Coming from Different Cloth, Drive!Drive!Drive‘s basic premise provides much intrigue. It’s a racing game with the twist being you race on multiple tracks at the same time. When I heard of this concept, I wondered just how this could be achieved.
In short, you race on one level whilst having the option to switch between tracks, managing several races at once. In your absence, the AI drives until you switch. It works, to a point. The handling is easy to grasp. Drifting is initiated by hitting both triggers and then steering and a boost offers plentiful opportunities to pull away or close gaps. A quick tutorial explains and demonstrates the controls in a simple manner and then you’re left to tackle campaign mode. It feels like a tight arcade experience and you’ve a few ways to play across fifty events.
Some provide more joy than others. Arcade races task you with score challenges and you rack up points via drifting, smashing and jumping through races. It’s a very Burnout-esque excursion that is probably Drive!Drive!Drive! at its best. Time Trials pit you against the clock and I find this mode almost makes the multiple track aspect an afterthought. I tend to set a time on one layer and then hit the finish on the remaining ones.
Collection events task you with gathering gems before the opposition. This means you’re trying to effectively hit the front and grab what you can, switching tracks when the gems dry up. All of these events introduce themselves to you pretty well but I leave the Purist mode until last as, this mode is where problems can arise.
It’s considered Drive!Drive!Drive‘s showcase mode and focuses on quick switching and managing position. In simple terms, this is the mode where race control and multitasking comes most into play. You’re required to finish as high as possible and the unpredictable nature of the AI comes into sharp focus.
You can leave them in first but it’s no guarantee of success as they crash, get turned around and fly off jumps into the abyss. As you progress through the campaign and the stakes are raised, these errors magnify to destructive degrees. When you succeed in some late-game Purist runs, you can put it down to luck more than skill. Sometimes, all you can do is put your best foot forward and hope for errors ahead of you.
The game provides great feedback, mind. Each cars’ position appears in the bottom-right corner of the screen so you can intervene as positions slip and a mini-map displays where traffic lies. There’s no immunity when you switch so you can and will Quantum Leap into accidents. The camera doesn’t offer much in the way of perspective. You’re locking to a standard chase angle which doesn’t offer much foresight. A little more of an overview would be nice when considering what you have to keep track of.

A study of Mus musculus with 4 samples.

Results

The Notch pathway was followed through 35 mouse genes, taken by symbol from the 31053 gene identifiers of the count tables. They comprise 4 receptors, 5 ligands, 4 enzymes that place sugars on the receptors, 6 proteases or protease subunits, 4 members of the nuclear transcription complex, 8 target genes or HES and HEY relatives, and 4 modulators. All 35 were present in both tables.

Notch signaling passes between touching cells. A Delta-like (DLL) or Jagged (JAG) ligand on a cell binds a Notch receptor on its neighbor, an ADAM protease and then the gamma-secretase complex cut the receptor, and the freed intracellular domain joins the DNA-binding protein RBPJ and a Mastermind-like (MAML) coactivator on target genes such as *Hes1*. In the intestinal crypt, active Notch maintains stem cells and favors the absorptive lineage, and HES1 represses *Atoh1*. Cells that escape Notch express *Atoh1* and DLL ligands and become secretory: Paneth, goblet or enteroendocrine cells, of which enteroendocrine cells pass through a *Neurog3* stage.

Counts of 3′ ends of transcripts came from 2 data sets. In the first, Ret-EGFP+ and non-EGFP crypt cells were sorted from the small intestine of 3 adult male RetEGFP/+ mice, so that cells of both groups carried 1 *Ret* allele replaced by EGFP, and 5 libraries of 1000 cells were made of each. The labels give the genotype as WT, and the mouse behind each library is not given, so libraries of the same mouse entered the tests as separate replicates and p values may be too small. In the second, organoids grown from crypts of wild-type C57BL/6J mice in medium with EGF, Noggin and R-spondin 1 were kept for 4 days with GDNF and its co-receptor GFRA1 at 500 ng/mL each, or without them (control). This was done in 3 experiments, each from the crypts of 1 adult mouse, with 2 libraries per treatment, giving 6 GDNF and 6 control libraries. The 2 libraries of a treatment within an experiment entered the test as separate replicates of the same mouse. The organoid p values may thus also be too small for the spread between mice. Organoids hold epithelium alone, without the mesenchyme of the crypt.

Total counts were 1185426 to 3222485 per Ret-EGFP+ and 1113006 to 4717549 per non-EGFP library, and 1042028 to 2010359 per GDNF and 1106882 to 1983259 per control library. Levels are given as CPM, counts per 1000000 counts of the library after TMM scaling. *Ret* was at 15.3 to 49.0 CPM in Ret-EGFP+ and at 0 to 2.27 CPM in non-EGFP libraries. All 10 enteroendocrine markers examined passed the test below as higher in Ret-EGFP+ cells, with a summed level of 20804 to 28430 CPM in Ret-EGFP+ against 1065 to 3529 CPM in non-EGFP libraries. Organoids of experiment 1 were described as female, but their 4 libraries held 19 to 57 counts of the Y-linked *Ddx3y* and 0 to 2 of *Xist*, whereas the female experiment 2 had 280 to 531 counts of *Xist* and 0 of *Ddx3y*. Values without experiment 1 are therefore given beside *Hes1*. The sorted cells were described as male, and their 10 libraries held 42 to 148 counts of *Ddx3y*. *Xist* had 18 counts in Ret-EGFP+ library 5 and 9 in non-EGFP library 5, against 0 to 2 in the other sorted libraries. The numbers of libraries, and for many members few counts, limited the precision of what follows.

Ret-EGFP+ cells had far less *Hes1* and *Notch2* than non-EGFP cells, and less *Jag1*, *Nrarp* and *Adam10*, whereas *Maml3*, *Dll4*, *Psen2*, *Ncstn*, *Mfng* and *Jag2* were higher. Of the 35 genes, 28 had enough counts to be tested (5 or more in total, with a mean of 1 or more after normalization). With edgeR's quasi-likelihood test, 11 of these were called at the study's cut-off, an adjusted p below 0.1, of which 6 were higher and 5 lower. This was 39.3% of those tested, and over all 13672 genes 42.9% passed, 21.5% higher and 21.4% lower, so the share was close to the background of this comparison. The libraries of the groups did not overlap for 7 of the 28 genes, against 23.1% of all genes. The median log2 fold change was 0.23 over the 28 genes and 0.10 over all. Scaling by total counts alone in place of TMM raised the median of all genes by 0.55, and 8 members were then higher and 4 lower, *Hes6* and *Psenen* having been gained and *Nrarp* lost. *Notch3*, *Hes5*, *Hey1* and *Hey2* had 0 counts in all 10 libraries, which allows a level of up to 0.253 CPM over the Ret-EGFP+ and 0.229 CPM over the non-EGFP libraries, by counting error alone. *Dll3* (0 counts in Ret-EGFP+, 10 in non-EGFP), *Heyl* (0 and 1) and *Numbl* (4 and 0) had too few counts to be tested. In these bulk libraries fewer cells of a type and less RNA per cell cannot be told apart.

Events come and go quickly. All races take place over a single lap which helps alleviate some frustration. As you’re effectively finishing up two or more circuits, it makes sense to keep these tasks as short and sweet as possible. Restarts are almost instant and necessary as you reach the business end of a two-hour campaign. In many ways, I’m glad the finish line comes up so suddenly as the nature of the racing is so haphazard and random. I enjoyed it in spurts but certainly came to some moments of deadlock and anger. There is a further campaign with tougher challenges on offer, if you want more to proceed with.
Drive!Drive!Drive has great style. Zombi have provided an electronic soundtrack that gels with the wire-frame, futuristic aesthetics. There’s a variety to the tracks that all take place in unique worlds full of colour, spins and twirls. It’s a very cohesive package.
The addition of a track editor provides some extension to the game’s run-time. It’s a simple, tile-based affair that’s easy enough to use and some of the early creations by the community have been great to drive around. The community itself feels like a small bunch of prolific creators so hopefully they’ll continue to push content out. Multiplayer races are not happening at the moment.
Whilst the racing is frantic and swift, the concept of spinning plates on a track doesn’t hit as well as it should. Inconsistent AI leads to races being decided by luck and, whilst the community look to bolster the content on offer, the campaign mode is over in a couple of hours. Those wanting it will find enjoyment from the track editor but there’s an underlying frustration which undermines Drive!Drive!Drive’s greater moments.